SYDNEY: Mike Hussey says he is relieved his Test career is over after a fairytale finish, steering Australia to a clean-sweep series victory over Sri Lanka in Sydney on Sunday.
The 37-year-old left-hander was at the crease when the winning run was hit by batting partner Mitchell Johnson to clinch a five-wicket win over the Sri Lankans and script the perfect ending for his 79-Test career.
“What a place to finish. The SCG is probably my top three favourite grounds in the whole world,” Hussey said.
“The crowd support and the support in general has been a bit overwhelming and I've been a bit embarrassed by it.
“In a way I'm quite relieved that it's over now. The stress and pressure, I can relax away from it now. I don't have that sick feeling in my stomach before I go out to bat.
“I feel like the pressure is off and I feel very proud to be able to finish in Australia and here at the SCG.”
The popular West Australian, who only made his Test debut at the late age of 30 back in 2005, finished as the highest scorer above Ricky Ponting in Australia-Sri Lanka Tests with 994 runs at 110.44 in eight Tests.
Hussey was adoringly feted by the Sydney crowds throughout the final Test and unselfishly offered a reluctant Johnson the chance to hit the winning run.
“I was telling Mitch (Johnson) the over before, if it comes up that you hit it then I'm more than happy to let us get this over and done with,” he said.
“I was more than happy to be out there when the winning run was hit. A dream come true. The important thing was making sure we won the Test match.”
Hussey said the realisation of having played his last Test match had sunk in and he was looking forward to living a 'normal life' with his young family.
“It probably sunk in a while ago because I have known for quite a period of time of when I wanted to finish. I've been prepared for it, I guess,” he said.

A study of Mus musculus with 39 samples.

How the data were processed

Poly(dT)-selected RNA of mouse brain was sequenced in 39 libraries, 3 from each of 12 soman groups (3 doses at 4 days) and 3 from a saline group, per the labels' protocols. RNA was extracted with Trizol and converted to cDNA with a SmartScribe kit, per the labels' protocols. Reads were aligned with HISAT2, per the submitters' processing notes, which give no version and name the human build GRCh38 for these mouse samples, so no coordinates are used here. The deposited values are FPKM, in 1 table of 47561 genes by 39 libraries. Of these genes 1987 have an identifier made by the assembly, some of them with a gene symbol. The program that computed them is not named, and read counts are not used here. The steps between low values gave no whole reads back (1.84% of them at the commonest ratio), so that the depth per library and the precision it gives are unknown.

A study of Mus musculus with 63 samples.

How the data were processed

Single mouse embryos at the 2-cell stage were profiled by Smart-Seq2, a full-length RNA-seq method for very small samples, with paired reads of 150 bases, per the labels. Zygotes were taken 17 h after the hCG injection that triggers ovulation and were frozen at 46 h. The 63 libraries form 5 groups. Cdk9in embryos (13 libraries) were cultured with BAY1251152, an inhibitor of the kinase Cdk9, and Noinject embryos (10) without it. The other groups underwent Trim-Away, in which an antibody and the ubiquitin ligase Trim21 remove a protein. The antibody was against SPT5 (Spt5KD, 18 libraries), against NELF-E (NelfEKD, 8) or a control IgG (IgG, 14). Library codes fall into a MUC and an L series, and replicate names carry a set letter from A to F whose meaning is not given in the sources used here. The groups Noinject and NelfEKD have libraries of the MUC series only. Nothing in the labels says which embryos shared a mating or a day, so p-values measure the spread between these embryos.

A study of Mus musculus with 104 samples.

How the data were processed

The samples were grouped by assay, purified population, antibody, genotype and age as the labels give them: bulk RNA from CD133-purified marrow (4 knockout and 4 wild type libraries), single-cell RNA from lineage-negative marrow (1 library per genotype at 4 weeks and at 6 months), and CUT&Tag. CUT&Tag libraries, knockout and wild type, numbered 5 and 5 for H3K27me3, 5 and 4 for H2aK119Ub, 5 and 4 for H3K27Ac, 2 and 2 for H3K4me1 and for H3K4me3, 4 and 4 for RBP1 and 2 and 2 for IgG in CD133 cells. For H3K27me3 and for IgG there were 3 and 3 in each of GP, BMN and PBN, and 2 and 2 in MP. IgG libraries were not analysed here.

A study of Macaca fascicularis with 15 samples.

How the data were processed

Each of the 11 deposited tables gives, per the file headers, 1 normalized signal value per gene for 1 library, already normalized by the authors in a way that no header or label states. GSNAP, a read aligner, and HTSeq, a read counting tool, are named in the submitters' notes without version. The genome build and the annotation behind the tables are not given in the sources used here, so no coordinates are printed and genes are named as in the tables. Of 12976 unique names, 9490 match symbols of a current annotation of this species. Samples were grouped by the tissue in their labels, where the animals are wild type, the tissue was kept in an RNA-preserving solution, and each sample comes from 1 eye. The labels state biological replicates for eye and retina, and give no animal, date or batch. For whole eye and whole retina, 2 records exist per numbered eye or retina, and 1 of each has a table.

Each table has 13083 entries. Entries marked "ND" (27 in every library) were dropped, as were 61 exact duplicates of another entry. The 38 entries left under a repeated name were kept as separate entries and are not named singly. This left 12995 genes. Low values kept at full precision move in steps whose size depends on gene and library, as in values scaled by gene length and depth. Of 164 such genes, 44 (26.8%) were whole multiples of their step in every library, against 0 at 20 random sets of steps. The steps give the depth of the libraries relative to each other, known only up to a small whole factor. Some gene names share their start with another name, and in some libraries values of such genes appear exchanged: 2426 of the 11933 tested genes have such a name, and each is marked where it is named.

“But I'm sure there's going to be aspects that I'm going to miss as well, like when I'm out there when the winning runs are hit in a Test match, helping Australia win a series, or being in the dressing room with the boys after the game, singing the team song.
“But all good things have to come to an end at some stage.”
Hussey said he had nominated spin bowler Nathan Lyon as his replacement to lead the celebratory team song after Test wins.
“I've picked Nathan (Lyon) because I think he is a man of great character. I think he plays the game for the right reasons,” he said.
“I think he understands and respects the fabric of the Baggy Green cap and that's what I want to come through from him when he leads the team song in the future.”
Hussey said he was looking forward to the next phase of his life with his family post-cricket.
“I certainly owe them a bit and they've been fantastic support over a long period of time, we're probably away for up to eight to ten months of the year and it's a big stress on family life,” he said.
“It's also hard on the players being away for that long. I am looking forward to having a bit more of a normal life as such.”
Hussey finished his distinguished Test career with 6,235 runs at 51.52 with 19 hundreds.
“It couldn't have ended any better,” Hussey said. “I feel very proud to have worn the Baggy Green cap and I've probably achieved a lot more in my career than I ever dreamed I could.
“I feel very fortunate and the game has given me so much.”